Plans to introduce resident and visitor parking charges across the Leeds district are set to be scrapped after mass opposition from the public.
The U-turn is expected next week when senior councillors will be advised to abandon the controversial plans to introduce the fees.
The expected decision has been welcomed by Horsforth councillor Chris Townsley, who had warned the introduction of charges would lead to a return to parking chaos and could have jeopardised a new scheme planned for the New Road Side area.
He said he was “delighted” with the plans to scrap charges, which would have cost residents at least £50 per year.
The decision is expected to be made at a meeting of Leeds City Council’s executive board on Wednesday following extensive consultation which asked for the views of about 10,500 residents.
After receiving more than 4,200 responses from the public, senior councillors are set to not proceed any further with the introduction of fees at this time.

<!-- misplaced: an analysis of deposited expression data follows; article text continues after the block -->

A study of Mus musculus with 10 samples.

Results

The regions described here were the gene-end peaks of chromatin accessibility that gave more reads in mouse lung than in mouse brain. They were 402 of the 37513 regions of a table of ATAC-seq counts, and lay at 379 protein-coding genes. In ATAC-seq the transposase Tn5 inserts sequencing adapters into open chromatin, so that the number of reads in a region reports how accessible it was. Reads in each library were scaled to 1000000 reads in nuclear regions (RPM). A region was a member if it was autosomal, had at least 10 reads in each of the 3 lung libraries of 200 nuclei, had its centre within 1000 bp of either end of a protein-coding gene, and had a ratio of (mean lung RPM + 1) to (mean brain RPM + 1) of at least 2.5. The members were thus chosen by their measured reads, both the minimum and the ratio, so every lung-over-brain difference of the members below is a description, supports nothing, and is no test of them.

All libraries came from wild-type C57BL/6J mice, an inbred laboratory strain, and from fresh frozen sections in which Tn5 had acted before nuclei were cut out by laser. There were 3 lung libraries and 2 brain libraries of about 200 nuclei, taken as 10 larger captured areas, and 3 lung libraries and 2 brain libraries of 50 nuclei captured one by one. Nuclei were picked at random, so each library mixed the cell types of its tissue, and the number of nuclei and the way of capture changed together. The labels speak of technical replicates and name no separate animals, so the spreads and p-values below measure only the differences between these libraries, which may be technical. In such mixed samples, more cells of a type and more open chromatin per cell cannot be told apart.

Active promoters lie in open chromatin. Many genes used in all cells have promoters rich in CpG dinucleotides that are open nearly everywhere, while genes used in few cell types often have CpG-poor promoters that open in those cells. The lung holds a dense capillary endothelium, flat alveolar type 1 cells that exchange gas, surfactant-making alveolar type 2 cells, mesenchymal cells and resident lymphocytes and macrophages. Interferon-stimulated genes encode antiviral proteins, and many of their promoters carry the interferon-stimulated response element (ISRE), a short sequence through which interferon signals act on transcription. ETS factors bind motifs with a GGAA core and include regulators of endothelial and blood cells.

Coun Townsley had warned that parking permit charges would punish residents of his ward instead of the rogue parkers. He said years of work had gone into getting residents’ parking schemes set up in areas around the station and close to Leeds Trinity University.
“It would have had a huge impact for Horsforth,” he said. “A lot of people would not have been able to afford these charges.”
Councillors in Horsforth fought a long campaign to have residential parking zones introduced on streets where students and commuters were parking inconsiderately.
But Coun Townsley warned that all the hard work would have been undone by the introduction of charging, and would have meant a return to the original chaos.
“I think in certain places where there have been problems created then it is our duty to help,” he stressed and added: “There is also going to be another scheme around the New Road Side area that, quite frankly, could have been in jeopardy. That scheme is imminent.”
Councillor Richard Lewis, the council’s executive member for development and economy, said: “Like everyone in Leeds, in the current economic climate we are having to make some difficult decisions.
“The council has to save at least £36 million over the course of the next year and our options for generating income are reducing every day.
“However, despite these budget pressures, the views of our residents are always hugely important to any decision that we make.
“But while I believe we have done the right thing by fully consulting with the public before taking any decision, the financial gap – and consequent headache – still remains.”